The national coffee house chain will be offering a public apology to Amy Kaplan of Brighton, New York. This past Sunday, after a long walk with her dog Zero, she stopped into one of their locations for a coffee, but was denied access because of her service dog.
Amy managed to catch part of the interaction on video. You can clearly hear her say, “Are you denying me access because of my service dog?”
You can hear the employee say, “No, I’m not. I’m telling you that you cannot come in with your service dog.”
Amy suffers from traumatic brain injuries she sustained during an accident where the ambulance she was working on was hit by a bus. She also suffers from a severe form of bipolar disorder.
Zero is there to help her out with various daily tasks that because of the brain injuries, can make life very difficult. Everything from coping with memory issues such as where she left her car, all the way to dealing with the anxiety brought on by the bipolar disorder. Zero is there with her and for her, every day.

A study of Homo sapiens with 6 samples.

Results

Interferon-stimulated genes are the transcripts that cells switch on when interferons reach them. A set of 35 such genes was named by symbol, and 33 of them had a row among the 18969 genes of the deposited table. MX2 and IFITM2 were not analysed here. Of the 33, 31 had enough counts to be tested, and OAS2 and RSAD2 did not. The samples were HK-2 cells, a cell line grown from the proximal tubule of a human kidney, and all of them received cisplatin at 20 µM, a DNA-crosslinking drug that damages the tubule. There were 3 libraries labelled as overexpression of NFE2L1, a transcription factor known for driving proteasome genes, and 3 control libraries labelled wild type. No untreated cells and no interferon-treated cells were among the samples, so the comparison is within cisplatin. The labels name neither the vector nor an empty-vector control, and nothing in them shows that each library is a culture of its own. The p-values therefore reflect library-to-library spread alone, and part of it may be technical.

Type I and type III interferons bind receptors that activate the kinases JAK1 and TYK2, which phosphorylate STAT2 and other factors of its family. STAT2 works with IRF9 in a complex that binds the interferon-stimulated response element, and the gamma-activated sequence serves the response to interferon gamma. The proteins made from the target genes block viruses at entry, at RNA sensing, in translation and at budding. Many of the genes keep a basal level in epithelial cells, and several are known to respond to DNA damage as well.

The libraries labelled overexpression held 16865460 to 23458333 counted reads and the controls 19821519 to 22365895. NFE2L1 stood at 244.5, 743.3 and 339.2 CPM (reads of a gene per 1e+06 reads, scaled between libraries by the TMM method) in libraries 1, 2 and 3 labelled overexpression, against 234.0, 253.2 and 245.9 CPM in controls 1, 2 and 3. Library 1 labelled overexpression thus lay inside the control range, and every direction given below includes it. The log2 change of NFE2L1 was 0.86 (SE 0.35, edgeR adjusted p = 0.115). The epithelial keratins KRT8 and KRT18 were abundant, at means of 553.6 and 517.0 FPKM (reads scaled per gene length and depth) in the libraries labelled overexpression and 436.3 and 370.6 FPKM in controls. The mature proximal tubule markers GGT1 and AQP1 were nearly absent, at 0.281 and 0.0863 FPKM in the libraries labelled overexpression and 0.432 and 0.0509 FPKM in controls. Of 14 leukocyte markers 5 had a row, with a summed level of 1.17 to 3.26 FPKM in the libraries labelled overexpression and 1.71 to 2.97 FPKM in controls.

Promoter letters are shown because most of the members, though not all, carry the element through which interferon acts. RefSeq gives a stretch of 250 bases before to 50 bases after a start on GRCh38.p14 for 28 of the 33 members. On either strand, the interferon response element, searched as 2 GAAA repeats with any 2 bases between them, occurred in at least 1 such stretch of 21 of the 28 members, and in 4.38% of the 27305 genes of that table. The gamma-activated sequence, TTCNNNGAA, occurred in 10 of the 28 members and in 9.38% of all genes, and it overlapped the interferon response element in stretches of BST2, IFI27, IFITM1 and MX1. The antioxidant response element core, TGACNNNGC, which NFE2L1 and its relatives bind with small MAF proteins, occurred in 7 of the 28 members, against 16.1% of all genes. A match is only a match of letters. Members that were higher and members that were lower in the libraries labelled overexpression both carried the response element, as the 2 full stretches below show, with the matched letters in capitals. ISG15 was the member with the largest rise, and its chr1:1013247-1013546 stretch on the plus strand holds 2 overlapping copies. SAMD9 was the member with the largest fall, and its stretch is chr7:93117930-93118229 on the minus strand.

The Americans with Disabilities Act requires businesses to allow people assisted by service dogs entry to their establishment. The federal government even goes so far as to say that the only things that should be asked are if the dog is a service animal required due to a disability, and what tasks it is trained to perform for the person. Also, individuals with service dogs are not at all required to give any forms or documentation proving that the dog is in fact a service animal.
Unfortunately, this is not the first time Amy has faced this issue around. Zero does not wear a service dog vest, nor does he have identification on his tags saying he is a service animal. She has been asked to leave local businesses before because of Zero.
“This is part of daily life when you’re a service dog handler,” said Amy. “Everywhere you go, nobody wants to let you in.”
“It’s unfortunate that happened,” said Laurel Harper. Harper is a spokesperson for Starbucks and said, “Ms. Kaplan did have an experience that’s absolutely inconsistent with our values and our service animal policy.”